Cookie variants can skirt blockers, anti-spyware tools

Just because your web browser is set to block third-party tracking cookies that doesn't mean all of them are being blocked.


A growing number of websites are quietly resorting to the use of "first-party" sub-domain cookies to skirt anti-spyware tools, cookie blockers and allow third-party information gathering and ad serving, according to some privacy advocates and industry analysts.

Though the cookies are not fundamentally different from other third-party cookies, they are very hard to detect and block, said Stefan Berteau, research engineer with CA's anti-spyware research team. The result: companies could theoretically use the cookies to quietly gather and share consumer information with little risk of detection, he said.

So far, the use of first-party, sub-domain cookies appears to be less prevalent than standard third-party cookies, Berteau said. "But it's the kind of thing that might catch on quickly."

The growing, but largely hidden, issue of online consumer-tracking and information-sharing burst into the open in recent days because of the controversy generated by Facebook's Beacon ad-serving technology. In that case, the use of tracking technology was acknowledged by the company, though it has been blasted for not allowing users to easily opt out and for failing to disclose how extensively it was being used.

First-party, sub-domain cookies are those that appear to be served up by the primary Web site a user is visiting; in reality, they are being issued by an external third party. For example, a company whose primary domain name is xyz.com could create a sub-domain called trackerxyz that falls within the xyz.com domain so it would look like this: .trackerxyz.xyz.com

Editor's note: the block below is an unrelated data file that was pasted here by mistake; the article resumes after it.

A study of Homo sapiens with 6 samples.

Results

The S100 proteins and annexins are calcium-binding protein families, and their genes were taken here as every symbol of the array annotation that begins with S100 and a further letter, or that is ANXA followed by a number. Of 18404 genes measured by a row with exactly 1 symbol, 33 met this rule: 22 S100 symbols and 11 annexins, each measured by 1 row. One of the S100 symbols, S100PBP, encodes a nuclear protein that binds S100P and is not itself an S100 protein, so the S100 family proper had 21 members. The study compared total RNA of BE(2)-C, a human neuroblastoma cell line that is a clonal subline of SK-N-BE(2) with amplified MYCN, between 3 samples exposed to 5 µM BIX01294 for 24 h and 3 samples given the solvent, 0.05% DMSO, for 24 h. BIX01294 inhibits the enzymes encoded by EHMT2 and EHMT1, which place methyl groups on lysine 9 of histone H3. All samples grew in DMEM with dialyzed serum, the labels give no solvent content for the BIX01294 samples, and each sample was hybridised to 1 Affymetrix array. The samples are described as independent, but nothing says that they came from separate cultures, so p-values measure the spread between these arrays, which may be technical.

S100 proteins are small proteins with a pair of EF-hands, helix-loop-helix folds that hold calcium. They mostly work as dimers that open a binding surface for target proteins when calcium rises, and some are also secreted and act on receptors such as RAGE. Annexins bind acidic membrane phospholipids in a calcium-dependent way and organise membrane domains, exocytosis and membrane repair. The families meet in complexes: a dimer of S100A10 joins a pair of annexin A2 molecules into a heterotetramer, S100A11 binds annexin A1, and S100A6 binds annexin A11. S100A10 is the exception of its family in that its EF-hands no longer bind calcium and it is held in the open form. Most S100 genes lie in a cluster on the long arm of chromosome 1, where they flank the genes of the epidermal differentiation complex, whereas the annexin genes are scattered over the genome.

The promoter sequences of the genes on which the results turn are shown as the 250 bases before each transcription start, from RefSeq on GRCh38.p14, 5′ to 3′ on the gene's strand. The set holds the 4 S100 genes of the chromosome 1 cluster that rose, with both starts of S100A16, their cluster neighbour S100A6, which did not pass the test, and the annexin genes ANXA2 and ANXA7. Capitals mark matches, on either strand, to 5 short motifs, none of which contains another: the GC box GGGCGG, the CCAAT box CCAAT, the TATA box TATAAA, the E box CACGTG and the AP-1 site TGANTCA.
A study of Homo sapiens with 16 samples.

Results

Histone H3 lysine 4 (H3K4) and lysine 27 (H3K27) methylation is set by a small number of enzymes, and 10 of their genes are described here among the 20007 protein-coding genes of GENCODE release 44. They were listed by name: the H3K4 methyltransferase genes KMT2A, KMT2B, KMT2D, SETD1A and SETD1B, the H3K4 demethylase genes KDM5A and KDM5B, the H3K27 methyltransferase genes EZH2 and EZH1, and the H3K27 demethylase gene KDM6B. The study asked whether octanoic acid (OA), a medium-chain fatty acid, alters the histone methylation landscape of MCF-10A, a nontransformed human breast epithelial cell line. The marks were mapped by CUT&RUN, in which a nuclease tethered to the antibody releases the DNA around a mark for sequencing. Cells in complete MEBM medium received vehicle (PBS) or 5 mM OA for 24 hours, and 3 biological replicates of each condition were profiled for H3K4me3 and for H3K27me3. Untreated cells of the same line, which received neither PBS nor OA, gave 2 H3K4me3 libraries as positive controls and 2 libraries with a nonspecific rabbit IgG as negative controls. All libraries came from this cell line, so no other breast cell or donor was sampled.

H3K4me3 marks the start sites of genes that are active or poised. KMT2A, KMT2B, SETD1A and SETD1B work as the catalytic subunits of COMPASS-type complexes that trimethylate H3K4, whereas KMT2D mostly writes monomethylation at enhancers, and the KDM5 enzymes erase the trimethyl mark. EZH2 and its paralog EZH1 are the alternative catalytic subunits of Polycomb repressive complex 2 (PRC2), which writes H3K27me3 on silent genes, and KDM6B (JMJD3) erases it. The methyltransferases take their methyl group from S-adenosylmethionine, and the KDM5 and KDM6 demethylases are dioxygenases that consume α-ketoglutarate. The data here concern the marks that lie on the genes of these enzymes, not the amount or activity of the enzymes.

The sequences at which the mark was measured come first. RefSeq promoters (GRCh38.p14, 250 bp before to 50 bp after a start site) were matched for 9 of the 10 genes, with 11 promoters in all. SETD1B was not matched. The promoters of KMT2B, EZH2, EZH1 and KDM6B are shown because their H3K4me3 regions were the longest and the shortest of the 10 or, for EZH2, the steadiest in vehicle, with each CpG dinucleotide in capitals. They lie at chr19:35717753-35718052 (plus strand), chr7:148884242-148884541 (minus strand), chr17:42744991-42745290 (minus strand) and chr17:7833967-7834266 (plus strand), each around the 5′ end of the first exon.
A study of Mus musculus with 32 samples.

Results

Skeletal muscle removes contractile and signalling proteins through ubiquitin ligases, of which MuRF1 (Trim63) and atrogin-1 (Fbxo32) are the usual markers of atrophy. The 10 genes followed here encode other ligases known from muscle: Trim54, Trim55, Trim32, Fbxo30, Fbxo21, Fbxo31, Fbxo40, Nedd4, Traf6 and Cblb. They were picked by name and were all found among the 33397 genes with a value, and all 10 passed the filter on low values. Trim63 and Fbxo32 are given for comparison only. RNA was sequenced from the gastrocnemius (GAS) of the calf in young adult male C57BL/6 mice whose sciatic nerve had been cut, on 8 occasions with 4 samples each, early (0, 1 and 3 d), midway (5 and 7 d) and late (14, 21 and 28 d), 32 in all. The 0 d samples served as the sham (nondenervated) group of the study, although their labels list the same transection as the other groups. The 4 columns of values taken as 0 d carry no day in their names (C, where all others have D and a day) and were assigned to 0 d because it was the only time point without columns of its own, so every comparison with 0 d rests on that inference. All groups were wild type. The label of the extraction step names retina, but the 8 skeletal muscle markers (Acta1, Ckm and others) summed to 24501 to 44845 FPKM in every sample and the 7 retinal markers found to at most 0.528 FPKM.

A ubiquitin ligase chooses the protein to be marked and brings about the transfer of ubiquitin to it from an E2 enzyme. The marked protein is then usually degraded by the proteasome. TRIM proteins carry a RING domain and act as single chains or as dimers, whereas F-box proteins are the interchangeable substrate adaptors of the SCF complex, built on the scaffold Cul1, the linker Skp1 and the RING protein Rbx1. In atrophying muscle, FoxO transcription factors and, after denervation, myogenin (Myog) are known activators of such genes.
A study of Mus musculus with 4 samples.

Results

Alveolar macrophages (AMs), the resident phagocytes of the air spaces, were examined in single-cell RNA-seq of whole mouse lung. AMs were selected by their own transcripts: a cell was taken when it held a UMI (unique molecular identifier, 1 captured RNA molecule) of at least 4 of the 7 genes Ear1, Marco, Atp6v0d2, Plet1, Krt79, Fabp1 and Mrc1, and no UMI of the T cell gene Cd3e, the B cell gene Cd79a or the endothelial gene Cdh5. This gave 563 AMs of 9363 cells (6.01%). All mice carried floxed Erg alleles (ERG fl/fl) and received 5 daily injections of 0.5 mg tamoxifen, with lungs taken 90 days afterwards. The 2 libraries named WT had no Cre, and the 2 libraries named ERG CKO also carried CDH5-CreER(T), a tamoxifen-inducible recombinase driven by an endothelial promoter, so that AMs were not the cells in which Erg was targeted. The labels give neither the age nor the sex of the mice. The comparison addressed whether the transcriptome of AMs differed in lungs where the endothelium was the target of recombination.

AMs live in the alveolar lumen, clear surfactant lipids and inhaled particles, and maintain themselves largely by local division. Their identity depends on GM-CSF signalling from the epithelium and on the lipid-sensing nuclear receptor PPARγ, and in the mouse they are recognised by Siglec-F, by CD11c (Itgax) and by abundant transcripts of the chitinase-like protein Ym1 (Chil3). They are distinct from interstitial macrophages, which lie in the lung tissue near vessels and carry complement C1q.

This subdomain actually points to a third party's server. But because the parent domain names are the same, the user's browser sees that server as belonging to the parent – and treats cookies from both equally.

Websites that allow such cookies are taking advantage of the fact that the standards used to categorise cookies rely on domain names, not IP addresses, Berteau said. In other words, whether a cookie is seen as a first-party cookie or a third-party cookie depends on the domain from which the cookie was served up, not on the IP address of the server itself. "Basically a sub-domain can be pointed to any IP address" while still having its cookies treated as first-party cookies, he said.

In many cases, first-party, sub-domain cookies serve legitimate purposes, said Carolyn Hodge, marketing director for TRUSTe. For instance, a bank might have a relationship with an external bill pay vendor, and might set cookies that appear to come from the bank but actually have been set by the bill pay vendor.

"Where it becomes an issue is if there are any sort of secondary uses" associated with those cookies such as activity tracking or ad serving that are being done without notice, she said. In such cases, it would be incumbent on the Web site to disclose that it is using such cookies, she said.

Concerns about the practice could soon prompt a review of TRUSTe's policies surrounding the acceptable use of such cookies, Hodge added. "Our program does not disallow the use of third-party cookies, but we have strict requirements for privacy" related to them.